The idea of independence is more appealing to the province’s residents if Saskatchewan and British Columbia join in.
Vancouver, BC [February 16, 2021] – Support for the formation of a country independent of Canada grows in both Alberta and Saskatchewan if British Columbia is included in the territory, a new Research Co. poll has found.
The online survey of a representative sample of Canadians in the three western provinces gauged support for sovereignty under various scenarios.
The idea of an independent country that would encompass British Columbia, Alberta and Saskatchewan is appealing to 29% of both Albertans and Saskatchewanians, but only to 12% of British Columbians.
Almost half of Albertans who voted for the United Conservative Party (UCP) in the 2019 provincial election (47%), more than a third of men in Saskatchewan (35%) and almost three-in-ten residents of Northern BC (28%) voice support for an independent country encompassing the three western provinces.
In this survey, one-in-four Albertans (25%) are in favour of their province becoming a country independent from Canada. This level of support is consistent with what was observed in similar questions asked by Research Co. in December 2018 (25%) but lower than the numbers registered in July 2019 (30%).
Fewer than one-in-six residents of Saskatchewan (16%) and British Columbia (12%) are in favour of their respective provinces becoming sovereign on their own.
When asked about the possibility of an independent nation encompassing Alberta and Saskatchewan, one-in-four Albertans (26%) and one-in-five Saskatchewanians (21%) are in favour.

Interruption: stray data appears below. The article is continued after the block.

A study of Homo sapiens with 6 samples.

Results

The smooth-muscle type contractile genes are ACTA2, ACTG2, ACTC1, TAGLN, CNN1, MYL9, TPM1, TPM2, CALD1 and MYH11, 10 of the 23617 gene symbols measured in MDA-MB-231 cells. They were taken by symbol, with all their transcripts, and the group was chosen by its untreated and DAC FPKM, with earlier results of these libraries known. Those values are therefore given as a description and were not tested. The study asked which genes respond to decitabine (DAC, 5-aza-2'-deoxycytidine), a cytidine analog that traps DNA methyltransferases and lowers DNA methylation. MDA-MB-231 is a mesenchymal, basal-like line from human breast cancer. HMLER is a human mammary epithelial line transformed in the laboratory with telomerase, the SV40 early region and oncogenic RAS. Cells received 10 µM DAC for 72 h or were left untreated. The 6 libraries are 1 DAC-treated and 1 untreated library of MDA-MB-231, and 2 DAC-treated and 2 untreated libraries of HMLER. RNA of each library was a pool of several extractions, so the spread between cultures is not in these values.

Only 13% of British Columbians agree with the prospect of forming a sovereign nation with Alberta. While 18% of Albertans support their province joining the United States, only 7% of British Columbians concur.
Residents of the three provinces were also asked about their perceptions of specific levels of government. At least three-in-five Saskatchewanians (62%) and British Columbians (60%) consider their own provincial government as “very responsive” or moderately responsive” to their needs and the needs of other residents. In Alberta, only 43% of respondents feel the same way.
“In Alberta, the criticism towards the provincial government is not coming exclusively from supporters of opposition parties,” says Mario Canseco, President of Research Co. “Half of those who voted for the UCP in 2019 (50%) believe that the current administration is responsive, but two-in-five (41%) do not.”
The responsiveness of local governments was rated positively by majorities of residents in each of the three provinces (64% in Saskatchewan, 60% in British Columbia and 58% in Alberta).
While more than two-in-five British Columbians (45%) believe the federal government is responsive to their needs, the proportion drops to 32% in Alberta and 26% in Saskatchewan.
Results are based on an online study conducted from February 7 to February 9, 2021, among 800 adults in British Columbia, 600 adults in Alberta and 600 adults in Saskatchewan. The data has been statistically weighted according to Canadian census figures for age, gender and region in each province. The margin of error—which measures sample variability—is +/- 3.5 percentage points for British Columbia and +/- 4.0 percentage points for Alberta and Saskatchewan, nineteen times out of twenty.
For more information on this poll, please contact:
Mario Canseco, President, Research Co.